Ideogenesis Colloquial, semi-formal term for what is often referred to as transapient hyper-creativity.
Ideogenesis refers to the transapient ability to engage in creative leaps with no apparent intermediate steps.
Modosophont intellects may occasionally experience a moment of inspiration which leads in time to a new idea, artwork, or invention. In contrast, transapients appear to employ a creative process which results in the creation of full-blown products (ideas, artwork, and inventions) all at once. This appears to be a constant or near-constant capability of many transapient sophonts.
As an example of the ideogenic process, a modosophont might experience a snatch of rhythmic noise that inspires them to imagine a tune, which they may eventually turn into the basis for a piece of music, usually at some point days, weeks, or months after the initial experience. In contrast, a transapient experiencing the same bit of noise might think up several dozen pieces of complete music, usually in at least half a dozen styles, and a similar number of literary, visual, and performance art works, each supported by several hundred thousand words of commentary, notes, and scholarly writings on the subject of its own work (Note also that this same experience may also inform other decisions and creations of the transapient sophont, from structural analysis of the surroundings based on sonic propagation from the originating events to perception of others' reactions to the events leading to insights into their backgrounds, personalities, and perhaps other factors). All within a few minutes of hearing the inspirational noise in the first place.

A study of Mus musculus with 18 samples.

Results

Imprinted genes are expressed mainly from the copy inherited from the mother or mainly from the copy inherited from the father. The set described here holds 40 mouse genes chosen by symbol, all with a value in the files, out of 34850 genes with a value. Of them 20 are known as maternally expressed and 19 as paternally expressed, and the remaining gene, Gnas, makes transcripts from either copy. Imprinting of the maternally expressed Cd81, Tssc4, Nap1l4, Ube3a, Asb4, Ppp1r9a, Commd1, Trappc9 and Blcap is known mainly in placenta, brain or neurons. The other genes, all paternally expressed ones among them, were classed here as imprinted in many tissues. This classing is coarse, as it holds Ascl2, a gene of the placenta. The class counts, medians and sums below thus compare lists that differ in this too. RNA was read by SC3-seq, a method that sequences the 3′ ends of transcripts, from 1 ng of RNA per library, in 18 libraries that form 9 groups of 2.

Whether transapients truly gain creative inspiration from all aspects of their existence at all times or have the ability to turn this ability on and off at will seems to be a matter of personal choice and preference. Certainly even those transapients most given to creative impulse seem perfectly able to ignore or channel their inspirations when they choose to. What has been firmly established is that this creative process is not simply a product of speed of thought. Although some ai and virtual sophonts have successfully duplicated the appearance of ideogenesis by running themselves on high speed processors and specialized mental overlays, this does not explain how a transapient can produce a similar level of work while apparently running at a much slower chronorate. The transapient creative process seems to owe more to other processes (perhaps massive parallelism) than it does to sheer clock speed.